November’s New Acquisition – Fred’s Fizzer 400

Back in November, I had decided I wasn’t buying any more bikes until I had a shed to work on them in.

I was kidding myself, of course!

Through a thread on my favourite motorcycle forum, I found a 1992 Yamaha FZR400 going cheap. The original pics from the seller showed a bike with half the fairings removed but carefully put aside.







After talking with the seller for a while and hearing how much he had enjoyed riding the bike and being filled in on some of its history:

  • The bike had been low-sided at slow speed after the fairings were removed as he’d preferred the look of it naked.
  • He’d made a custom insert for the air filter.
  • He had been planning to replace the exhaust manifold with the spare one (from a different model Yamaha 600) to eliminate the EXUP but never got around to it.
  • Battery had been replaced with a sealed one but was flat as the bike hadn’t been ridden in over a year since the registration had expired.
  • He’d removed the rear mudguard, welded up a fender eliminator and fitted mini LED indicators at front and rear.
  • Tyres and brakes had been replaced shortly before the rego expired
  • He was selling to raise cash towards accessories for a brand new Triumph!

I offered him 10% less than his listed price and we had a deal.

There were a couple of logistical issues with getting the bike to my place:

  • The bike wasn’t running or registered and therefore couldn’t be ridden away.
  • The bike wasn’t Learner & Novice Approved even if it had been running and registered.
  • The extra parts would have been difficult to carry on the bike.
  • My car at the time wasn’t set up for towing a trailer.
  • My trailer wasn’t registered.

Luckily, the seller had a bike trailer and was keen to make room in the garage as he was expecting delivery of his new Triumph the next day, so he delivered it to me!

The mandatory “just bought it” photo:


The next day, I hooked up some jumper leads to the car and gave jump starting a go. I took the opportunity to give the electrical system a quick test as well and was most impressed with the result!

Cut to several months later, I now have a day permit organised to take it for a roadworthy check tomorrow – provided the battery charges enough overnight…

More specifics on the repairs to follow!


Cleaning Rusted Chrome, A New Speedo For Scarlet And Regulator/Rectifier Woes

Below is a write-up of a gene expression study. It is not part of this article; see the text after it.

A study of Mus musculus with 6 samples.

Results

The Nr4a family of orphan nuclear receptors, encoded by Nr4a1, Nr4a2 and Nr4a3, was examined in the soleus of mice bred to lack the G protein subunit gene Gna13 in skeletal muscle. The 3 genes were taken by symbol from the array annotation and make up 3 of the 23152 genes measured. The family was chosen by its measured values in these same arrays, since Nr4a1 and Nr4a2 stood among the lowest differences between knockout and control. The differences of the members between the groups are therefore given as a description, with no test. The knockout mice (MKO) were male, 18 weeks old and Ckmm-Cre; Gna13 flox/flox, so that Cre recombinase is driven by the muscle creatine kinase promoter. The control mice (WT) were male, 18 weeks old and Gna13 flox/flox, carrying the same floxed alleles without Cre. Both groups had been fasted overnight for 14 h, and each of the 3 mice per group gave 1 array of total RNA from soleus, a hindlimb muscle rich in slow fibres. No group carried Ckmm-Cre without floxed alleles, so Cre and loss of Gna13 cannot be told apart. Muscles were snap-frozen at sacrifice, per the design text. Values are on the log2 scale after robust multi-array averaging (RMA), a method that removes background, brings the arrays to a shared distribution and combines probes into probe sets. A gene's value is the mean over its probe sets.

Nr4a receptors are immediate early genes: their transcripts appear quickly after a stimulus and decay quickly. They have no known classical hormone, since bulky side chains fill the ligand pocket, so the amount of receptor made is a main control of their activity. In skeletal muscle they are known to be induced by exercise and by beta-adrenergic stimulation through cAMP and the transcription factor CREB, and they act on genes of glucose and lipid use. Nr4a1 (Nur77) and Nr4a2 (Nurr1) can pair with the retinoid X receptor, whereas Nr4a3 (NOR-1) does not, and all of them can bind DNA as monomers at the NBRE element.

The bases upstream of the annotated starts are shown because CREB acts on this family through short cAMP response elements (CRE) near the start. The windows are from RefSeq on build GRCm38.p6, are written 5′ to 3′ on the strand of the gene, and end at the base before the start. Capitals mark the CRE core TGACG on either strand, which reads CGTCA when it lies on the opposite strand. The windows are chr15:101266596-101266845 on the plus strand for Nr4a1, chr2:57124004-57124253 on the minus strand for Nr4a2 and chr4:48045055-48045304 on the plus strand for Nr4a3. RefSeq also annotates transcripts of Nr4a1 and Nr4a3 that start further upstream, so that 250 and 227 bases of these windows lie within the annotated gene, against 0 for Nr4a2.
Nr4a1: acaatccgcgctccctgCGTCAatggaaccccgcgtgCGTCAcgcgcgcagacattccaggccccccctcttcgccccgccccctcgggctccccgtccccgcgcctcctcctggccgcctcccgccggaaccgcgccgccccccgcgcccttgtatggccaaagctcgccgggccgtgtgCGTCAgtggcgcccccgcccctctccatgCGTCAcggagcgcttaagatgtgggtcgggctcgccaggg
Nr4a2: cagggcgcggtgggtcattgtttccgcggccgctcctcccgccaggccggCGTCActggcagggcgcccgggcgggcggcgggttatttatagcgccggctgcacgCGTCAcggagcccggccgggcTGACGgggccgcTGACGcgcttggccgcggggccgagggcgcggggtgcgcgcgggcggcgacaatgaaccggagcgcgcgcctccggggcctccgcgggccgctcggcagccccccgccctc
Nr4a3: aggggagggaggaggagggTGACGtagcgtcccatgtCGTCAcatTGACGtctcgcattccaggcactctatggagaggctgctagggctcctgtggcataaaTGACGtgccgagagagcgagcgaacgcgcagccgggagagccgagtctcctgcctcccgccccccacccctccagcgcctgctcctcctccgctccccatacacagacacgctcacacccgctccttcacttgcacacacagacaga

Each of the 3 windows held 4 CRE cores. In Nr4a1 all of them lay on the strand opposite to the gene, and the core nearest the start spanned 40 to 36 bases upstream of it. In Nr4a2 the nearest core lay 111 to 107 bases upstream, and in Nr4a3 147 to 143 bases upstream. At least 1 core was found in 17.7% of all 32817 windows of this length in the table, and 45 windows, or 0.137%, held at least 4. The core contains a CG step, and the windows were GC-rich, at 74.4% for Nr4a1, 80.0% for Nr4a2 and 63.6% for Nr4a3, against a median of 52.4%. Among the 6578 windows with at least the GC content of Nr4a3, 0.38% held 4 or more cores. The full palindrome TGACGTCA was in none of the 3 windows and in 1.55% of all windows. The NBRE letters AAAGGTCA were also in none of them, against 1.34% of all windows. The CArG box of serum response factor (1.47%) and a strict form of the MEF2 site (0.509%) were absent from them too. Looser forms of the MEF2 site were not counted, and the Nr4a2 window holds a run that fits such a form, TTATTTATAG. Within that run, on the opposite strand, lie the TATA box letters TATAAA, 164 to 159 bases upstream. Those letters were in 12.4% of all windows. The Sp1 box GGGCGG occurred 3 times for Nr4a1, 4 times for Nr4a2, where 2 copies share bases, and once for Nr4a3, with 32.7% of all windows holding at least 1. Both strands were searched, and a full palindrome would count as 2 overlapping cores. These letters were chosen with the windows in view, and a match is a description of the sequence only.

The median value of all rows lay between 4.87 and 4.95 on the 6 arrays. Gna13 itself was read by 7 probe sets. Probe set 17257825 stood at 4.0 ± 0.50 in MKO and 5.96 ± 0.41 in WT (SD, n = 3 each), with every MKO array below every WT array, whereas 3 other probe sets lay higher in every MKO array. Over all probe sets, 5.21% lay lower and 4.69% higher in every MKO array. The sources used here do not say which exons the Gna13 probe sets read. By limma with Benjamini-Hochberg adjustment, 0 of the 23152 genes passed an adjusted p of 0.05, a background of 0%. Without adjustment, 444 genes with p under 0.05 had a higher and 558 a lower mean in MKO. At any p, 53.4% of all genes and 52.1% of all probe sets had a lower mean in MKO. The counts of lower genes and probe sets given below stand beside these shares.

Back in October, I did a fair bit of work on Scarlet.

One afternoon, I decided to polish the mufflers.After spending most of the day polishing with NEV’R DULL and aluminium foil, this was the result.


The same month, I managed to track down a genuine NOS (New Old Stock) replacement speedometer for Scarlet. As you may recall, I had partially repaired the speedo twice already and it seemed to get stuck quite regularly.


The parcel in which the speedo arrived was well-packed to prevent damage. Inside I found the original box, containing a speedometer with 600 metres on the odometer.


After removing the ignition switch, I took out the mounting screws from the rear of the instrument panel.



Shortly after the photo above was taken, I dropped the old speedo and broke its face.


Not to worry, I still had the new one!


I fitted the new speedo into the instrument panel and replaced the front cover.20141025_100740

Ignition switch back on the back!


Here it is mounted and ready to use.


Just in case I need a speedo for Eric or Bruiser, I glued the old one back together.


Later in October, I received what I thought was a simple plug-in aftermarket regulator/rectifier for Scarlet.

First up, I removed the old one.


The new regulator/rectifier looked pretty much like the old one at first.


The seller had listed it as being a direct replacement for several models of older Hondas, including the CB250RS. Unfortunately, on closer inspection I found that the connections were completely different and one wire was missing completely!


The old one went back on for now. I’m still looking for a suitable replacement or NOS regulator/rectifier. The lesson learnt here is to ALWAYS check what the old or missing part should look like before ordering a replacement.